Henry’s kitchen table is littered with drug paraphernalia. There are syringes, bottles, vials, nebulizers and a pill cutter. Henry is not a drug abuser…rather he is a senior citizen with a pill problem.
Despite appearances, Henry is entirely respectable. Like many older people, Henry is on so many different prescribed drugs it is almost impossible to keep everything straight.
He takes insulin and metformin for diabetes; digoxin, furosemide, warfarin and potassium for his heart; albuterol, prednisone, salmeterol and a triamcinolone inhaler for a breathing problem; omeprazole for heartburn; Mobic and amitriptyline for arthritis, back pain and fibromyalgia.
In addition to these 13 different prescription medicines Henry uses over-the-counter ibuprofen for inflammation, omeprazole for stomach pain caused by the ibuprofen and milk of magnesia for constipation brought on by the amitriptyline.
Henry complains that he is a walking drugstore. It’s hardly any wonder that Henry has a hard time dragging himself through the day. Some of these medications are inappropriate for older people, and Henry is in his 70s.
Part of the problem is that Henry has a lot of health problems. But his physicians have not coordinated his prescriptions and he has far too many. Side effects and drug interactions have turned Henry into a ticking time bomb.
Data show that more than one in six Medicare patients receives at least one inappropriate medication. Hundreds of thousands of older people are hospitalized every year because of adverse drug reactions.
Dizziness or unsteadiness caused by medicine is responsible for 32,000 hip fractures from falls. It is estimated that as many as 16,000 automobile accidents among elderly drivers may be due to drug-related impairment of vision, judgment or coordination.
Often, the most serious complications are indirect and hard to document. If Henry develops a bleeding ulcer because of the prednisone, Mobic and ibuprofen, will anyone recognize it as a drug-induced problem? Should Henry become a bit confused or have memory problems, will his doctors attribute it to the anticholinergic effects of amitriptyline and cimetidine or the vitamin B12 depleting activity of omeprazole and metformin?
As America ages, medical schools are not keeping up with geriatric pharmacology. Senior citizens are far more vulnerable to side effects from certain drugs, but most medical students are not taught about this problem. The average internist may not realize how many medications are inappropriate for people over 60.
What is the solution?
Older people and their families will need to watch out for themselves. Grown children must know more about their parents’ medications. It is no longer enough to ask mom and dad how they are doing and assume they can report accurately on their health situation. If dad falls and breaks a hip on the way to the bathroom at 3:30 in the morning, the whole family will be affected in a disastrous way.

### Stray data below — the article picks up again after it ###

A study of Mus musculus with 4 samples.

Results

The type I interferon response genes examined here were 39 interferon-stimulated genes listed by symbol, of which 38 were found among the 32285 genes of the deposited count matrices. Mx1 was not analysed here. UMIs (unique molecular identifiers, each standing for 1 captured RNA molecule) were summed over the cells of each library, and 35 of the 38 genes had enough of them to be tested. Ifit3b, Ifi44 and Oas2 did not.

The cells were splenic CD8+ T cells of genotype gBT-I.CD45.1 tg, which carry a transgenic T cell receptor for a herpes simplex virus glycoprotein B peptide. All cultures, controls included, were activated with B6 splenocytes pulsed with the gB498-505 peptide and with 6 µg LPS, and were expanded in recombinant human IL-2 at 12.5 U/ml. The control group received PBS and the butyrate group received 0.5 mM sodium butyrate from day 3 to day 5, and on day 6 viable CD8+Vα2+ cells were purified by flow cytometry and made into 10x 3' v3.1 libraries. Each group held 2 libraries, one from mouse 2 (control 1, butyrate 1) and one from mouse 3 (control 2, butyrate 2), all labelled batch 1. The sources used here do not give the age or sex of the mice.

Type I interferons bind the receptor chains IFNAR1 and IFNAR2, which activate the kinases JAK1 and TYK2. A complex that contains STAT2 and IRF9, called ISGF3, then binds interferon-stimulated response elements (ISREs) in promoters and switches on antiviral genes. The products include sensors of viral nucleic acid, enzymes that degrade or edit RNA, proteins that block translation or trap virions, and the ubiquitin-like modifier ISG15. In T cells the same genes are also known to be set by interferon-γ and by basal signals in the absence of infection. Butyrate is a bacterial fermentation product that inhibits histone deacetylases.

People should NEVER be left in a hospital by themselves. Here’s just one example. J.D. posted this comment to our website:
“Based on my own recent experience being hospitalized, I feel sorry for any elderly person who does not have a family member to come and assist and advocate for them. The nurses come in to your room and feel they complete their duties by simply filling your stomach with the medication prescribed. They don’t seem to pay full attention to possible drug interactions nor do they realize the ill effects of taking too many pills on an empty stomach.
“Despite my requests to take my medications with a meal, I was instead given my meds several hours later, and in the end I wound up with three gastric ulcers.”
That is why we wrote a chapter titled “The Screwing of Senior Citizens.” In it you will learn about the Beers List of drugs older people should generally avoid. Your doctor may not know about Beers, but we provide you a detailed of drugs that can be disastrous if you are over 60.
Worried about your memory? Perhaps your medicine is contributing to the problem. Most physicians would flunk a test about which drugs have anticholinergic activity that can impact cognition. The list includes cimetidine, desipramine, digoxin, diphenhydramine, fesoterodine, hydroxyzine, meclizine, oxybutynin and tolterodine, to name just a few. You will also discover more details about our 10 Tips to Surviving Old Age in the book, Top Screwups Doctors Make and How to Avoid Them.
- See a doctor who likes older people.
- Find a good geriatrician.
- Ask about special dosing requirements
- Beware bad drugs.
- Avoid anticholinergic drugs if possible.
- Minimimize the number of drugs you take.
- Seek nondrug treatment when practical.
- Be assertive.
- Have an advocate.
- Stay active.
Following these tips could save your life or the life of a loved one!
Henry could be anyone over 60. He needs an experienced geriatrician to review all his medications. That person should spot dangerous interactions, such as that between prednisone, Mobic and ibuprofen.
With careful supervision, it might be possible for Henry to simplify his drug regimen and reduce his risk of serious side effects. We hope our chapter can help you or someone you love. You will find it in our book, Top Screwups Doctors Make and How to Avoid Them. Here is a link for more details.
Share your own story below in the comment section.